Go On Your Own Quest — Week 5: Dialogue

August 15th, 2013 by

The 2013 version of The Quest starts Week 5 today. Don’t let this opportunity pass you by because you can Go On Your Own Quest by following the structure of The Quest to dig into screenwriting theory [Core – 8 weeks], figure out your story [Prep – 6 weeks], and write a first draft [Pages – 10 weeks]. It’s a 24-week immersion in the screenwriting process and you can do it here – for free!

Plus you can join The Black Board, the Official Online Writing Community of the Black List and Go Into The Story, another free resource to help keep you inspired and on target at you Go On Your Own Quest from FADE IN to FADE OUT on the first draft of your original screenplay.

This week, we are reflecting on the subject of Dialogue, mirroring the content the Questers are engaged with in Core V: Dialogue, working through six lectures I have written building off the 5th Essential Screenwriting Principle: Dialogue = Purpose. The lectures: Introduction to Dialogue, Finding Your Character’s Voice (Inward Journey), Finding Your Character’s Voice (Outward Expression), Subtext, What Is Not Said, and Realistic Dialogue [Idioms, Slang, Contractions, Declination].

For those of you who plan to Go On Your Own Quest, we began our week-long discussion on Dialogue Monday asking this question: Do you ‘hear’ your characters ‘talking’ to you? You can read that discussion here. Tuesday’s question: Does dialogue come easily or hard to you? That discussion is here. Yesterday’s question: What tips do you have for writing subtext? Discussion here. Today’s question:

* How is dialogue different than conversation?

If you plan to participate in the Go On Your Own Quest challenge, you have 4 weeks before we move into the Prep part of the process. Time to start getting in touch with your characters and discovering each of their distinctive voices as reflected in dialogue.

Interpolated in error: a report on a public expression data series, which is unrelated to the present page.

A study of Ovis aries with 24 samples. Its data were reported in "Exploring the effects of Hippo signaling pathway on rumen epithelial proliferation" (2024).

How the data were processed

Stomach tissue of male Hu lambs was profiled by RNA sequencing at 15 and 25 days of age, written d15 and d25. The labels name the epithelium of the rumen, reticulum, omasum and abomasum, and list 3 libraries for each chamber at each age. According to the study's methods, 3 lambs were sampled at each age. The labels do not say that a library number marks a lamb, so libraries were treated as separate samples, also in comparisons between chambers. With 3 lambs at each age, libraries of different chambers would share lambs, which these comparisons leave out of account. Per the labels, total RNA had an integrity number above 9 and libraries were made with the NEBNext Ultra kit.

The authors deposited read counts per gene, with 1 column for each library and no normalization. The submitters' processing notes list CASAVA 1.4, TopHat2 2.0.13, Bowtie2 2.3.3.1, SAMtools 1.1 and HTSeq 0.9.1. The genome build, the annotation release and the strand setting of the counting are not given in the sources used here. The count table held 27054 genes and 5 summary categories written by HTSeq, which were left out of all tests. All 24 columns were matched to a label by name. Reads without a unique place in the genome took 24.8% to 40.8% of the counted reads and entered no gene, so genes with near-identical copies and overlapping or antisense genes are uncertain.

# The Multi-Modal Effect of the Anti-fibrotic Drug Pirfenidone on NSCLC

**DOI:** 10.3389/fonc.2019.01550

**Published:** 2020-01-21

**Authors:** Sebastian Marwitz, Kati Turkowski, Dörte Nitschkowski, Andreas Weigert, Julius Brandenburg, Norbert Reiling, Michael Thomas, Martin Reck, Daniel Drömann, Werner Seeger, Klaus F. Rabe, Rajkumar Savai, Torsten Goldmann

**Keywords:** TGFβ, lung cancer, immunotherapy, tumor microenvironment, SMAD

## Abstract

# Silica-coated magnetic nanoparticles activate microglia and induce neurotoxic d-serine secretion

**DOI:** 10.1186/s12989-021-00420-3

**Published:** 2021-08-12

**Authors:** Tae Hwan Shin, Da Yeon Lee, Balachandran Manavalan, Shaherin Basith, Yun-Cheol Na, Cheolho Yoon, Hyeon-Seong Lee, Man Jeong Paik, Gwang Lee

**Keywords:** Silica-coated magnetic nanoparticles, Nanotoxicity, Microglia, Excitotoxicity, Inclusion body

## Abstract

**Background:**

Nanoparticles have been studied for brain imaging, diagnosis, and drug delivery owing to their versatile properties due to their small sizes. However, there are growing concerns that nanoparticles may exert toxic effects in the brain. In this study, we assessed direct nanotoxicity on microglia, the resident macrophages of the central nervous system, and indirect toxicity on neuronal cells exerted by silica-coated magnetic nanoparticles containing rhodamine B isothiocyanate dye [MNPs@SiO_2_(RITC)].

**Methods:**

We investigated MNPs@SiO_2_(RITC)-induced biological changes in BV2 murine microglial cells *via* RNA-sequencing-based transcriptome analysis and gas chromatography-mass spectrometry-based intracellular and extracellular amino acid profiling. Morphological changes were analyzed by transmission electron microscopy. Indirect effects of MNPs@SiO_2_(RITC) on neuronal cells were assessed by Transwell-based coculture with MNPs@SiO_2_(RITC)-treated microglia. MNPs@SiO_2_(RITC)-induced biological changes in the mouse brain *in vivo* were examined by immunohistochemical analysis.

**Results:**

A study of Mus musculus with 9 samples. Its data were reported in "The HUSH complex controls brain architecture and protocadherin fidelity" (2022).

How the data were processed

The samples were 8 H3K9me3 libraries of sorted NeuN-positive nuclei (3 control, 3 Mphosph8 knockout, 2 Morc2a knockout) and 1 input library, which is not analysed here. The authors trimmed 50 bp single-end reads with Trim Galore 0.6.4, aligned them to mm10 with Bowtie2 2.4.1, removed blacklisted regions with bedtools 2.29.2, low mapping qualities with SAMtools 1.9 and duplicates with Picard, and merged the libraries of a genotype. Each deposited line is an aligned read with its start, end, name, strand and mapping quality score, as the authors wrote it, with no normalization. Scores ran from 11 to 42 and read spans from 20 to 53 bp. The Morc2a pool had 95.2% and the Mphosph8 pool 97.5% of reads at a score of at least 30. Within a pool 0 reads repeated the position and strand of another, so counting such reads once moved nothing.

If you’d like to access the same Core content as the writers participating in The Quest, I will be teaching Core V: Dialogue starting Monday, September 30. More information on that 1-week online class here.

Why wait? You can have immediate access to the content of all eight Core classes by signing up for The Core Package. This enables you to go through all of the Core lectures (48 total, each written by me), tips, techniques and optional writing exercises on a self-paced basis as well as take any of the 1-week classes as I offer them. Plus The Core Package offers a nearly 50% savings compared to if you took each Core class separately. For more information on this unique offer, go here.

Meanwhile I encourage you to head to comments to discuss today’s questions. And for a related discussion on The Black Board, check out these topics:

For more information on Go On Your Own Quest, go here.

Onward!

3 thoughts on “Go On Your Own Quest — Week 5: Dialogue

  1. lisakothari42 says:

    To me, dialogue is how you and I really speak to one another – often in short, brief phrases with shortened forms of words – gonna rather than going. It’s real and relatable because that’s how we actually speak to one another. When something is too formal, with nice lengthy sentences, and proper form for all words, etc. to me that isn’t dialogue, unless that IS the character’s voice. Most of the time, it won’t be.

  2. Mark Walker says:

    I would say that, in relation to screenwriting, the dialogue has to have a purpose, and move the story on….all the time, there is not much space for “chit-chat” – which is kind of what conversation is…rambling journeys that we go on everyday but without any real purpose….starting with what we had for breakfast, and then the idiot who ran a red-light down by that bakers where they do those great chocolate donuts, not like the ones from the supermarket, did you see that programme last night……

    That is conversation, unimportant chit-chat…great for helping the morning go by, but useless at telling us about the story!

    I think…..

  3. 14Shari says:

    I think dialogue is a scripted though still natural feeling conversation that enhances the story.
    A conversation is a random talk which doesn’t have to have a purpose.